SierraHD17 had the most liked content!


  2. Depending how it is rubbing a spacer will likely just make it worse than it is already as you are increasing the swing radius...
  3. Most if not all of the current aftermarket carriers for the 9.5" and 9.76" are just 9.5" 14 bolt carriers. You just get a spacer plate and some bearings to use it. According to GM you can't use LT connecting rods and crankshafts in an LS block either which is totally bogus. It happens.
  4. Try 47 years actually.. it turns 50 in the 2023 model year so it's not new. You either like it or you don't. It's as simple as that. Considering I have replaced it in 5 vehicles with something else speaks to what side I'm on. I don't like how it operates and never will. Maybe you do? It's all about choice here. The 9.5 and 9.76 won't explode like the 10 bolt version does.
  5. The G80 RPO code for locking differential has meant the Eaton Gov lock since it's introduction in 1973 in a pickup truck... not the mid 80's. G80 also is the same code used for a limited slip in a passenger car application until today. If you had a limited slip after 1973 in a truck it's RPO code G86. I would have to go look in my RPO code guide to see what the Detroit Locker's RPO code was because it was an option in the 10.5" 14 bolt through the 90's. GM recycles RPO codes constantly and uses them in multiple applications. It's just a code... If you had a 1969 Chevy truck with positraction as per the sticker in the glove box ( it's a clutch pack limited slip back then) it's RPO was still G80. The 9.5" and 9.76" 12 bolt is a redesign of the 9.5" 14 bolt which debuted in 1979. Yes you could install a Gov lock from a 1979 model year truck in your 2019.
  6. I run Detroit lockers in every truck I own minus my 2013 because i haven't installed it yet. Even my 2017 has one. Does what I want it to do every time and is predictable as hell doing it. The Trutrac is pretty mickey mouse... and honestly lots of people get 200000 + miles from Auburns too... or oem G80s... or anything really. I use a Trutrac in one of my trucks front diffs as it better than being open... and they work well at that. Even the OEM's only use the Trutrac in front axles as that is where it does well on a truck... Not my cup of tea but its better than an open diff until it ultimately becomes one all on it's own. The old Gov lock has been around since 1973 in GM trucks and likely will still be used until they replace the axles with electric wheel motors. People mostly like it and it is what it is. If you dislike it you can replace it with whatever suits your fancy and enjoy it.
  7. That video is neat and all but that's not actually how a Trutrac people talk about operates. There is no spur gears on the ends of the worm wheels to lock the gears together in a Trutrac and they actually run parallel with the drive gear on the axle shaft. Instead if you spin one faster than the other the principal is the worm wheel will be forced into the wall of the case and bind as the two will separate under wheel speed difference. The worm wheels spin with about half the gear overlapping the one on the opposite axle. That's all fine and dandy but it's pretty mickey mouse in the long run as it heavily depends on friction to the case of the differential. In that sense its much like how an Auburn limited slip relies on the side gears having teeth on the back side that dig into the case. Here is the Eaton exploded view video.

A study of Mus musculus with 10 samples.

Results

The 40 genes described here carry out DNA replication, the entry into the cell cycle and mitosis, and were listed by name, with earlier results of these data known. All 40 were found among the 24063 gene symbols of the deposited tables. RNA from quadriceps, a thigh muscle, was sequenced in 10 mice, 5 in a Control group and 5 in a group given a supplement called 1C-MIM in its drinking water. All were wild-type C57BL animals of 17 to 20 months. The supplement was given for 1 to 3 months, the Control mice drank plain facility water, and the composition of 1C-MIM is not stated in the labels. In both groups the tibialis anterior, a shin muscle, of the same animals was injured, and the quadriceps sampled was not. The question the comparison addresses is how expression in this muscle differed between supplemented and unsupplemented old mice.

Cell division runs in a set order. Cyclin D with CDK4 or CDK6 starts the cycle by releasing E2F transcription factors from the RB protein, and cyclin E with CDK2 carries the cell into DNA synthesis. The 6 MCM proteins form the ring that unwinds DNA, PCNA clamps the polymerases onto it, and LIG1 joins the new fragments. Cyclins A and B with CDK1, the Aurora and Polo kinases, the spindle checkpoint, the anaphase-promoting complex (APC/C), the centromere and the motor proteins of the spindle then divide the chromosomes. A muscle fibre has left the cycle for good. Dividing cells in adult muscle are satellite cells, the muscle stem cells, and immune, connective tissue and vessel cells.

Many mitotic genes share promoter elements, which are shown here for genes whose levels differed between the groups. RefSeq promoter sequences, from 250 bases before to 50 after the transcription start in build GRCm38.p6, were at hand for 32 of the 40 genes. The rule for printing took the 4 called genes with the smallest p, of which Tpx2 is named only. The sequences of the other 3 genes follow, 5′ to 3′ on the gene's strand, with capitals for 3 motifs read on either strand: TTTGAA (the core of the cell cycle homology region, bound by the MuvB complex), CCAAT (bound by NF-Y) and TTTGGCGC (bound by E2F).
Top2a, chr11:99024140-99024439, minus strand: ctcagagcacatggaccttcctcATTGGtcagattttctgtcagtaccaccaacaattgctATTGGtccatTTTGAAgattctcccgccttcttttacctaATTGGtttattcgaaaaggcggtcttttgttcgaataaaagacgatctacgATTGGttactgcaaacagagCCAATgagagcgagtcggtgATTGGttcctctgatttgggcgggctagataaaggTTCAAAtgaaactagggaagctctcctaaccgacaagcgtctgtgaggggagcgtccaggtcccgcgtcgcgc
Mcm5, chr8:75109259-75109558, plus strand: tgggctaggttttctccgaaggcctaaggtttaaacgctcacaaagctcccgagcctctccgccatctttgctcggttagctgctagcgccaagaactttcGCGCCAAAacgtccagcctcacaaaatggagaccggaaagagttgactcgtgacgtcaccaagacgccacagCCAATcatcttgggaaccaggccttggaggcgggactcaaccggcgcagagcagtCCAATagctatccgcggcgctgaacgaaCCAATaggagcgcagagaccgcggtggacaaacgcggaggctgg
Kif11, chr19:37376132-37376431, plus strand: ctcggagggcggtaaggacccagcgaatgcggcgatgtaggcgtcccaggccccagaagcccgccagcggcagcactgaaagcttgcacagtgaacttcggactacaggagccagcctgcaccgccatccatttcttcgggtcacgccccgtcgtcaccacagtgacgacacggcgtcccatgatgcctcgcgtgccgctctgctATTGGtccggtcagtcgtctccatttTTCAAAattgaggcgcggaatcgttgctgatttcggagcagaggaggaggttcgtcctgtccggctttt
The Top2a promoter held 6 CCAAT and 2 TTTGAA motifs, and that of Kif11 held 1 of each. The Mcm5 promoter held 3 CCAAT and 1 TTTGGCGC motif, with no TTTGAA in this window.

8. The heads are identical in port, chamber and valve size and can be interchanged with one another. Running one 706 and one 862 is perfectly fine.
  9. Figured this out years ago. Myself and one of my employees share a car and its expenses. We just buy used stuff and the current one is a 2011 Malibu with the big bad 2.4 4 banger. We get paid for our trucks and our travel time but why mile a pickup truck out when we can put all those commute miles on some clunker car. We are both a 100+ mile round trip a day and the fuel savings alone buy the cars and all their maintenance costs. Plus I don't incur 40000 miles a year on a truck... hell I still run my 05 because why not..
  10. Someday GM will get out of the 70s... someday lol. These trucks all have the brake lock limited slip programming in them. The GMT900s had it too.
  11. I pulled mine on my 15 and reused the u bolts. The damn things weren't hardly more than finger tight when I went to take it apart so I wasn't concerned... other than I had been driving around with loose u bolts from the factory. The truck rode exactly the same and nothing changed beyond 1" lower rear ride height.
  12. He can't even get an actual locker or limited slip of any kind for the 8.25" front as far as I know. There is nothing available as they are so weak they can't handle it. The 9.25" has a couple options but that's it.
  13. Your passenger wheel hub is freewheeling with zero resistance other than the bearing. The drivers side is turning the gears and the driveshaft putting drag on it. Yes it will pull to the drivers side. When it's open all you spin is the spider gears and that disconnected passenger side axle....and not the entire gear set, front driveshaft along with the transfer case input shaft. How noticeable will it be on your truck? Do it and let us know lol.
  14. It won't. Passenger axle has a collar that connects the inner and outer portion. In 2wd it disconnects so the passenger side freewheels. It will however pull to the drivers side. In 4wd it will hop and skid.
  15. It's going to pull to the drivers side. With it locked and the passenger axle disconnected as it does you still will have load spinning the front driveshaft constantly on the drivers side that normally would just go the path of least resistance to the disconnected passenger axle. Since the carrier is locked to the drivers axle side it and the driveshaft will always spin where it normally wouldn't. Guys have been trying this since 1988 and it's not pleasant.